What he did to Niall was the ‘stuff of animals’ says victim’s father

A Louth man who pleaded guilty to the manslaughter of Niall Dorr in Dundalk two years ago was sentenced to 13 years at Dublin Central Criminal Court.

A Louth man who pleaded guilty to the manslaughter of Niall Dorr in Dundalk two years ago was sentenced to 13 years at Dublin Central Criminal Court.

Douglas Ward, with an address at Loughantarve, Knockbridge, Co Louth, was sentenced to 16 years with the final three suspended, having previously pleaded guilty to the manslaughter of 18-year-old Niall Dorr on December 17.

Mr Justice Paul Carney said that alcohol does not afford a defence and that an aggravating feature was that Ward had killed Mr Dorr after he attended a bail hearing in Dundalk.

The court had heard that a number of 999 calls were made at about 9pm stating a young man was lying unconscious on the footpath in Castle Road, Dundalk, partially dressed and underneath a parked car.

The court previously heard Mr Dorr was a peacemaker and was trying to break up a row when Ward attacked him.

His father told the court that his son Niall, a champion kickboxer, died a lonely death on the streets he loved and said he hopes that when Ward looks at his children, he will think of the young man he killed.

David Dorr also said that Niall had signed a donor card three months earlier and had saved five people’s lives.

Mr Dorr said he cried the day his son Niall was born and only once more 18 years and 43 weeks later, on the day he died.

The court was told Niall Dorr was with two friends on Castle Street when at around 9pm on 13 October 2010 a group including Ward, 37, approached them and a row broke out.

Niall was trying to stop the row and keep the peace when the court heard Ward punched and kicked him in the head - continuously, viciously and repeatedly.

A witness told gardaí she saw Ward “bouncing” Mr Dorr’s head off the road up to 10 times and kicking him in the head a number of times. She said Mr Dorr was “like a rag doll and was totally unresponsive”.

Another witness gave a graphic account to gardaí saying it was a “continuous beating with vicious kicking and punching.”

A third witness said he saw a “fella on the ground who looked like he was lifeless and a man kicking and stomping on his head.” He said Ward was “banging” Mr Dorr’s head off the wheel of a parked car.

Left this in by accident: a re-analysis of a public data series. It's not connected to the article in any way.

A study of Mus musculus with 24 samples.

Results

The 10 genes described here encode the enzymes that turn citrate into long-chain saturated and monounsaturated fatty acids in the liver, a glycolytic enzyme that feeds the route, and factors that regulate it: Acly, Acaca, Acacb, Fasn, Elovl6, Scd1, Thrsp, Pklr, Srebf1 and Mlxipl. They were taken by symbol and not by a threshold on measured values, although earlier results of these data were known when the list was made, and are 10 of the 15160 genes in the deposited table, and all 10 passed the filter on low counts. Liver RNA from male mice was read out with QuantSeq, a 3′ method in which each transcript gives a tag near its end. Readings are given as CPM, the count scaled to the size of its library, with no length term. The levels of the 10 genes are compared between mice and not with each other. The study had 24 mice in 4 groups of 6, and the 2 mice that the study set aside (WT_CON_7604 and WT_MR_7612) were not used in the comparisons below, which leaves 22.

Ward constantly denied to gardaí he was at the scene, despite his DNA being found on a cigarette found at the scene and on Mr Dorr’s t-shirt.

After the incident, Ward and another male got a taxi to an off-licence where they purchased more alcohol and returned to his home. Dr Marie Cassidy said Mr Dorr died on October 14th, 2010 as a result of head trauma and a fracture to the skull which caused hemorrhaging. She noted a zig zag pattern on Mr Dorr’s forehead which she concluded he was “struck with an object of pattern such as a shoe in a stamping motion”.

Detective Sergeant Patrick Marry said Niall Dorr sustained irrevocable brain damage and surgery was not possible.

Ward, who had been in Dundalk for a bail hearing on the October 13, 2010, had been drinking since the pubs opened that morning and after the attack went to an off-licence and bought more drink

In a statement after the sentencing of Ward, Niall’s father David, mother Veronica and brother Shane, said “nothing can ever bring Niall back or take away the pain and suffering which we have endured since that terrible night.

“Niall was the peacemaker and didn’t want harm to come to anyone. But little did he know that he was dealing with blood thirsty thugs. To knock a person unconscious and then to repeatedly bang his head off the ground and kick his lifeless body into a pulp is just the stuff of animals,” said Mr Dorr.

In a victim impact, David Dorr said his son’s bedroom is still the same, nothing has changed; his picture is on his desk and every day the family say good morning and goodnight to him.

David Dorr also said if what happened to Niall served to wake people up to the tragedies they bestow on others, it would in some small way help the family.

But this he said was a flawed hope because society is moving on to repeat again and again the very act of poison that occurred that night - the length and breadth of the country.